Taking control of your finances is something we all have to do at some point. But if you’re not familiar with the concepts of compound interest, investments, retirement funds, and all those other seemingly scary terms, it can be overwhelming to even get started. And the worst thing you can do is ignore the reality of your finances until it’s too late.
Luckily, becoming more comfortable with the world of finance isn’t impossible; in fact, with the right strategy in place, anyone can do it. It all starts with taking stock of your current situation and moving from there. Mental Floss and Discover teamed up to get you on the right track. Here with some easy ways to boost your financial IQ.
Take Advantage of Educational Resources
There is plenty of free material online for those who want to learn more about personal finance. For starters, you should check out what material the federal government and your own state and local municipalities have to offer. There are plenty of FAQs, explainers, and downloadable documents that can help clear up the 101-type questions, and if you want to learn on the go, the FDIC even has a free podcast on the basics of finance.
If you are looking for more helpful information, try heading over to Discover. Whether you want to learn how credit card interest works or when you should freeze your credit, your keys to a higher financial IQ are right in front of you.
Regularly Check Your Credit Score
A credit score is the barometer of your financial standing, and a good one (think above 740) is vital for taking out loans and applying for a mortgage. While the average American credit score is going up—currently sitting around 704—there are still plenty of people out there with scores in the 500s, which can impact everything from getting approved for an apartment to dictating the type of interest rates you’ll be paying in the future.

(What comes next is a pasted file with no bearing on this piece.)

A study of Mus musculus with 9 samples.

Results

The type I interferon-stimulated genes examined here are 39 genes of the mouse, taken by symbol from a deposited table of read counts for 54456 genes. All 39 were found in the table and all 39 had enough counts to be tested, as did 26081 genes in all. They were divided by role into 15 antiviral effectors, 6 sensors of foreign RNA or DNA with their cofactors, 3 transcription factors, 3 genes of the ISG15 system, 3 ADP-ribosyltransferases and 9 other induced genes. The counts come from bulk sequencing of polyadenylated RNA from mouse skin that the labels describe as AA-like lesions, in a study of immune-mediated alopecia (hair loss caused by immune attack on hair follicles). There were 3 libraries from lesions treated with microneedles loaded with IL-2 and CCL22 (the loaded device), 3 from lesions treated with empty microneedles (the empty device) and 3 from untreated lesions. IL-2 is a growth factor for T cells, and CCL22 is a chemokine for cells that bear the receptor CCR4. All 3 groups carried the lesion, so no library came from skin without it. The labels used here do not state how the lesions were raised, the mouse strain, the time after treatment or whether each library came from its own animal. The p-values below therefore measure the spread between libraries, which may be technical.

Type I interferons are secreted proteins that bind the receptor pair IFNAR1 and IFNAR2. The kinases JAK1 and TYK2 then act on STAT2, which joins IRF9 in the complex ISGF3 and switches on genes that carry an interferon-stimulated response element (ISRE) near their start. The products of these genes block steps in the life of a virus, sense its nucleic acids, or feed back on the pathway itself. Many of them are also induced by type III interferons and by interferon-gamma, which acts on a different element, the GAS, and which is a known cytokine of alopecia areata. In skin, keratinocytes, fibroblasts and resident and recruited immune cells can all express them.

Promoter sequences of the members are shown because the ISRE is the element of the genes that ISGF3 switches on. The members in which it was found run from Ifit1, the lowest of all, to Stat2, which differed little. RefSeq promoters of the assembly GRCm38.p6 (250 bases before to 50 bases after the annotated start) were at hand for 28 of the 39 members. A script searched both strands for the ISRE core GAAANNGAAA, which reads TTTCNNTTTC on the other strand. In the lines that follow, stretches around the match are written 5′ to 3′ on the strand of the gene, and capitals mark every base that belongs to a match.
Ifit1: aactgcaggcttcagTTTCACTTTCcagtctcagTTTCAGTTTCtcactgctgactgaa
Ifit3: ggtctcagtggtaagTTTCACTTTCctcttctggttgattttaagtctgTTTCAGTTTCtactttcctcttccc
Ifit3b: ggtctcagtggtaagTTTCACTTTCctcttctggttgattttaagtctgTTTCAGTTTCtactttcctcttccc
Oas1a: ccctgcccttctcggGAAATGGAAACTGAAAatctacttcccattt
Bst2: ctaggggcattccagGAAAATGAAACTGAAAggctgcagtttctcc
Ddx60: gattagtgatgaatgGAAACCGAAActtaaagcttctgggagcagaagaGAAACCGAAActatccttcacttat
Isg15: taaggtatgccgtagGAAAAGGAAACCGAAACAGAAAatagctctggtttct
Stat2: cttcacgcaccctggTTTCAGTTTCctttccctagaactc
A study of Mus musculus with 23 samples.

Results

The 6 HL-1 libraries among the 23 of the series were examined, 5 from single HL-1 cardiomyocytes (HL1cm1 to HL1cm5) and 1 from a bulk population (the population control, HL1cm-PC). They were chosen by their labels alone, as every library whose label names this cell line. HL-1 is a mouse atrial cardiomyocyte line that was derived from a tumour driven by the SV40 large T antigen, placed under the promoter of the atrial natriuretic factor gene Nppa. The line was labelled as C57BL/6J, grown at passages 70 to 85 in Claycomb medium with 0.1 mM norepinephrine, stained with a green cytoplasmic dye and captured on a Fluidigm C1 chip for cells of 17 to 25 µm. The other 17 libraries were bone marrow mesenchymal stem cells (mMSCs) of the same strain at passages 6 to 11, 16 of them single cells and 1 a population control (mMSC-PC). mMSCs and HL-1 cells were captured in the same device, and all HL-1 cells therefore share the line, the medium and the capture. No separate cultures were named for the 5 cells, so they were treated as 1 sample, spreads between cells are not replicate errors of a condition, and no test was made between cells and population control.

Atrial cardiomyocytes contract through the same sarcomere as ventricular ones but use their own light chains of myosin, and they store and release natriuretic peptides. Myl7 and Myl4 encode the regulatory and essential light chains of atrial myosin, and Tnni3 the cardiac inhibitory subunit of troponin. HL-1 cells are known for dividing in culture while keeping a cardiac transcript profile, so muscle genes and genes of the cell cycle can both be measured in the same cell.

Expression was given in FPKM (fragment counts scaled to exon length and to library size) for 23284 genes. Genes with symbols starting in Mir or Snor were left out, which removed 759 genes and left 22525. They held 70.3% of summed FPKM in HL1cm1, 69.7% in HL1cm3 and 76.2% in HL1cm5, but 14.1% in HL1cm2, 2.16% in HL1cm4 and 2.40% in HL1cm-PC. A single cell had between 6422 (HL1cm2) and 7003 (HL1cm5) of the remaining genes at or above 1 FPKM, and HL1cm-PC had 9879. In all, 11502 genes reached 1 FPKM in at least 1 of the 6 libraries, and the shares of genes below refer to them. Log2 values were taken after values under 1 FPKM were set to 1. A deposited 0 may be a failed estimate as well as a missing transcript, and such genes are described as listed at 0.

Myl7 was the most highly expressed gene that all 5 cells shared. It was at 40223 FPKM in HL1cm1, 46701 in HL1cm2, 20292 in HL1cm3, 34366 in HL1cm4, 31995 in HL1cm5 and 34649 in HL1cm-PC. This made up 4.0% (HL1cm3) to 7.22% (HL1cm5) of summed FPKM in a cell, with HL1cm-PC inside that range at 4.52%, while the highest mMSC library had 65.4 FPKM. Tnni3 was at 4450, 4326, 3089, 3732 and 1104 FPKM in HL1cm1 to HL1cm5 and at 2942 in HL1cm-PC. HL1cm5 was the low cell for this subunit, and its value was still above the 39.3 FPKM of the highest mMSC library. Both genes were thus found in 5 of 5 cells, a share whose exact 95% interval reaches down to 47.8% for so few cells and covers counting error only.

If your credit score is low, there are steps you can take right away to raise it, including paying your credit cards on time in full and making sure you don’t max out your cards. It’s also a good idea to regularly check your credit score. With Discover's Free Credit Scorecard, you can see your credit score in just a few seconds at any time.
Know What You Spend
Keeping track of what you spend and how much money you have available at all times is key to boosting your overall financial IQ. That $4 coffee every day adds up—so do those $12 lunches, $25 takeout dinners, and $10 streaming services. Seeing these numbers in black and white every week (or day), will make you a more informed shopper and give you a different perspective on your spending habits.
Look at your friends and family: Chances are someone either has a knowledge of finances or maybe even works in the field professionally. Or perhaps they’ve learned how to invest or raised their credit score and have tips that might work for you. There’s nothing wrong with asking them some questions next time you’re at a gathering, as long as you’re respectful about it. A few simple questions could get you started on your journey to become more financially informed.
Looking for more ways to boost your financial IQ? Discover has a collection of tips and advice to help people spend smarter, manage debt better, and save more to achieve a brighter financial future. Learn more at Discover.